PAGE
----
SUPPORTING PHOTOGRAPHERS IN PRESERVING THEIR LIFE’S WORKS
A photographer is indeed the primary archivist. Many lost and forgotten works of photographers have been found later, and in nearly all of such finds, the thoughtful ways in which they had preserved his/her works helped the fragile films and prints withstand the test of time. And as history has repeatedly proved, when these photographs are found, they are immediately showered with acclaim and value that they always deserved. Like archaeological finds, they are treasured for their invaluable aesthetical and historical information. But information about the photographers and the actual facts about their works become lost forever.
Often, photographers are unable to find resources during their lifetime to properly archive their works, many of which remain unpublished and unexhibited forever. In developed countries, the value of photographs as cultural documents and epigraphs, and in later times as works of art, has been widely acknowledged, and the State and cultural institutions take special interest in supporting photographers to create and preserve their works. In India, there has been little recognition of its true value except in the case of magazines or newspapers commissioning works. Infact, very little effort has been taken by the Government and most cultural institutions to preserve early photographs of India. Most of these were lost during the shift from analogue to digital, especially studio photographs. They were thrown away, or melted for their silver or collected by rich foreign collectors for a scrap price. The situation is no better in the art world, where artists who do not play by the market norms find it hard to even sustain themselves through art, let alone preserve their works for posterity. In all fronts, it appears to be a lost cause already as far as photography is concerned.
EtP is committed to establishing a Photo Archive, which would preserve the works of willing contemporary and independent photographers. The process of setting up a physical archive capable of housing the numerous prints and negatives that photographers produce has been slow and tedious due to the restrictions within which the organization is working. At this point, we lack the financial resources and the permanent physical space where an archive could be set up, but we continue to collect and categorize the works of Abul Kalam Azad, who is the first photographer whose work was offered to EtP for preservation. We have also collected photographs taken by amateur photographer Pulavar N Thyagarajan, who is presently based in Poompukar, Tamil Nadu, and dia-positives of Tiruvannamalai taken in the 1970s by German photographer Ralph M. Steinman.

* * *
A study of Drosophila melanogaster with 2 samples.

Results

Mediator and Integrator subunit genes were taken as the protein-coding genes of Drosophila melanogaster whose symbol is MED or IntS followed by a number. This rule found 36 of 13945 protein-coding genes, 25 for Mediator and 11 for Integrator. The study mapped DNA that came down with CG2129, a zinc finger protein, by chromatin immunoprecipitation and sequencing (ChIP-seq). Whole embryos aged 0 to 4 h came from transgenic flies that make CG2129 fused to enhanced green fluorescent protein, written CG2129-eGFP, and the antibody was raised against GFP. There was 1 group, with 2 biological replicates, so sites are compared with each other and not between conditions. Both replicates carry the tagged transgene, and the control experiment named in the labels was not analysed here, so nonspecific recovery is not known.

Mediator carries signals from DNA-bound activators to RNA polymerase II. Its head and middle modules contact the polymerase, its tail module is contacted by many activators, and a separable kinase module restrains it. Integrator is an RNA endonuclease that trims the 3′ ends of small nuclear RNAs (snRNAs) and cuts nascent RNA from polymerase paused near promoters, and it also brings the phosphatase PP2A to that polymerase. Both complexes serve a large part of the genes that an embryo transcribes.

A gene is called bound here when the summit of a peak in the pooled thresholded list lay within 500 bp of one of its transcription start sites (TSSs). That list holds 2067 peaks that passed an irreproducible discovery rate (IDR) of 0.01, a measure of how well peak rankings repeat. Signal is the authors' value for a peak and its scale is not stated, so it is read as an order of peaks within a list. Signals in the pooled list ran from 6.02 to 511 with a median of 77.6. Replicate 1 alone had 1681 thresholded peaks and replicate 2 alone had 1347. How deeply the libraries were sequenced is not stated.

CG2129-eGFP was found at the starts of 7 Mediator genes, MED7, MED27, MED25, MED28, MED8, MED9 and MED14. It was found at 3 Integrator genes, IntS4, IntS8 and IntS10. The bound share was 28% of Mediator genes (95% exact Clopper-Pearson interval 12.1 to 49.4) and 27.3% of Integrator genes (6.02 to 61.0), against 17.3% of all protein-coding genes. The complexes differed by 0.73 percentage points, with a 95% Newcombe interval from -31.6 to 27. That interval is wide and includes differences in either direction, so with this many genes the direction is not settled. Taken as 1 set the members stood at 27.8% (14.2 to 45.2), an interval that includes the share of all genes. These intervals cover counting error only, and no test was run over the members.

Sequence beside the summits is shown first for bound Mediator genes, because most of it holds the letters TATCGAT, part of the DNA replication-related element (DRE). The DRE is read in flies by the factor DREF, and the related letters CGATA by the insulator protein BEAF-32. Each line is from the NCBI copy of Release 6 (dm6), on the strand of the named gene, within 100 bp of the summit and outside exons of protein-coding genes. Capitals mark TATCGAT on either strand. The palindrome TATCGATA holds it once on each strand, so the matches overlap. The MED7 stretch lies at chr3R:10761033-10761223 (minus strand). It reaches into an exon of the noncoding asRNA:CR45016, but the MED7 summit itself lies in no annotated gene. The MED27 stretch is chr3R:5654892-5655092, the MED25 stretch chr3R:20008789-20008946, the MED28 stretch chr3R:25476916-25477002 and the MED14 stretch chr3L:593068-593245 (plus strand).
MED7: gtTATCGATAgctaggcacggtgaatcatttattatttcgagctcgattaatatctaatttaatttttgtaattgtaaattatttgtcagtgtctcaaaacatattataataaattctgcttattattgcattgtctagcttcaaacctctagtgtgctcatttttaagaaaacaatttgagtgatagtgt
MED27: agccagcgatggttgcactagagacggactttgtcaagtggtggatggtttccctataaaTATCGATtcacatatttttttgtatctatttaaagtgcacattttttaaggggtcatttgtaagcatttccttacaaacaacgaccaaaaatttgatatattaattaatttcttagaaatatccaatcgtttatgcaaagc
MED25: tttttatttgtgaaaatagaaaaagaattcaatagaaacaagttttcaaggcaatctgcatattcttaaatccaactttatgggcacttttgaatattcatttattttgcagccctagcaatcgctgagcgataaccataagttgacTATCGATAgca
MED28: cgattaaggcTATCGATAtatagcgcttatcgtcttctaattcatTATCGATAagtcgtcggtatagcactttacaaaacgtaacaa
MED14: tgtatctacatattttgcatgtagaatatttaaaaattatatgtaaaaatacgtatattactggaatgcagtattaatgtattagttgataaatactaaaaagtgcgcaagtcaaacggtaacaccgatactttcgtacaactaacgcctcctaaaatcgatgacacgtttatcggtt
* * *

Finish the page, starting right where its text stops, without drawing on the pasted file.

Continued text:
Pulavar Thyagarajan, a noted Tamil poet and author of several books including the noted Poompukar Varalatru Yechangal which is an academic book on the history of Poompukar, has been taking keen interest in photography since his teenage. A self-taught photographer, he has taken images of the town and nearby areas, focusing on the temples, temple art, gatherings and landscapes. His collection includes several hundreds of negatives that we are yet to start archiving.
Abul Kalam Azad is an eminent contemporary Indian visual artist based in South India. His works are largely personal explorations and documentations of experiences, and memories of his native land, people and their culture and is noted for stretching the boundaries of Indian photographic practice and bringing the concerns of the common people further into the thematic territory of the medium. EtP has special access to Abul Kalam Azad’s works that comprises of negatives, documents, digital images and prints made since the late 1970s. We have started digitalizing the negatives and have brought together a collection of his works in the form of a photo-book that we want to co-publish with interested publishers/cultural organisations.
Ralph M Steinman, Diss, Heidelberg University, visited India during the 1970s to do a research project on Guru-Disciple relationship. His study brought him to Tiruvannamalai, and through his associations with the Ramana Ashram, he produced a series of essays. Some of them were published in the Mountain Path, a quarterly journal published by the Ashram. His research papers were also presented at the South Asian Institute, Heidelberg University. During his stay in Tiruvannamalai, he made hundreds of diapositives, mostly around the Annamalai Hill, which are presently with EtP. We are yet to start archiving his work.